CANTOS and COMPASS: New Avenues for Secondary Cardiovascular Prevention

Reported from the European Society of Cardiology ESC Congress 2017 in Barcelona

Two large trials dominated Sunday’s discussions at the ESC Congress 2017 in Barcelona. CANTOS and COMPASS met their respective primary endpoints, although this came as no surprise because topline results were already in the public domain due to press releases earlier this year. Yet presentation of the complete results, along with simultaneous publications in the New England Journal of Medicine, tell us the full story and gives us important novel information to digest.

CANTOS: randomized, double blind trial of canakinumab

CANTOS was a randomized, double blind trial of canakinumab, a monoclonal antibody targeting interleukin-1β, administered subcutaneously every three months. A total of 10,061 patients with prior myocardial infarction and high-sensitivity C-reactive protein were randomized to three doses of canakinumab or placebo. At 4 years, canakinumab reduced the high-sensitivity C-reactive protein level in a dose-dependent fashion, while the levels of lipids remained unchanged. At a median follow-up of 3.7 years, the primary efficacy endpoint (a composite of nonfatal myocardial infarction, nonfatal stroke, or cardiovascular death) was reduced significantly by the 150-mg dose with a 15% treatment effect driven by less myocardial infarction. The drug was associated with more infections than placebo, including mortality related to infections, but there were less cancer-related deaths that brought the mortality endpoint to no difference compared with controls.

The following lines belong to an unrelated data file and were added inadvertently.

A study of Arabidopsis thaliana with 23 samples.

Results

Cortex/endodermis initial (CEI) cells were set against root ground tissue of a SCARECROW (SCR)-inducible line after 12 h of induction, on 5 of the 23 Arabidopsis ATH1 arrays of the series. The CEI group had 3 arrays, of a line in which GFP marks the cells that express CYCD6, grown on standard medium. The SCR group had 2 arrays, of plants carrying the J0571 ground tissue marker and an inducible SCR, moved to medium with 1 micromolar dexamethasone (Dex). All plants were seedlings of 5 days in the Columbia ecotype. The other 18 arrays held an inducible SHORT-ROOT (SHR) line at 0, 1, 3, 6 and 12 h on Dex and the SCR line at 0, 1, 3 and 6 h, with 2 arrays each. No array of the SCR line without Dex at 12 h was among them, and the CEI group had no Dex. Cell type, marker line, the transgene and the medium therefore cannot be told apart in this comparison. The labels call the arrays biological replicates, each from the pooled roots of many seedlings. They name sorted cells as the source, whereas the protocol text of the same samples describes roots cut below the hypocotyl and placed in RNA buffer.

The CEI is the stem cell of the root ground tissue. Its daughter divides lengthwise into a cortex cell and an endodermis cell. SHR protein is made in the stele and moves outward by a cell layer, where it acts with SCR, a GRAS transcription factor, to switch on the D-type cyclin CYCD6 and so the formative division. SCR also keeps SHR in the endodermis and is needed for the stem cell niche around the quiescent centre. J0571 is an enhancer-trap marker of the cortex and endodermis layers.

This study proves for the first time the inflammatory hypothesis of atherosclerosis and represents a milestone in a field of considerable pathophysiological interest. In view of the modest treatment effect of the drug in CANTOS, and the safety findings with respect to infections, we now need more data on the net clinical benefit of using canakinumab. Implementation of this drug in clinical practice for selected patients (i.e. those with low LDL levels but high inflammatory markers) will also depend on cost-effectiveness considerations, because the drug is presently very expensive.

COMPASS: randomized, double blind study of rivaroxaban

COMPASS was a randomized, double blind study of rivaroxaban, a Factor Xa inhibitor oral anticoagulant, used alone or in combination with aspirin for secondary cardiovascular prevention. A total of 27,395 patients with stable atherosclerotic disease were randomized, and the study was stopped after a mean follow-up of 23 months for evidence of a 24% significant reduction in ischemic outcomes with the rivaroxaban 2.5-mg twice daily plus aspirin combination strategy, at the price of a 70% increase in major bleeding compared with placebo. Conversely, the use of rivaroxaban 5-mg alone (i.e. without aspirin) did not improve the clinical outcomes compared with placebo, and only increased bleeding. How this “dual pathway” strategy with rivaroxaban and aspirin compare versus dual antiplatelet therapy in patients with stable atherosclerosis? This is unknown and possibly the objective of future research in this field.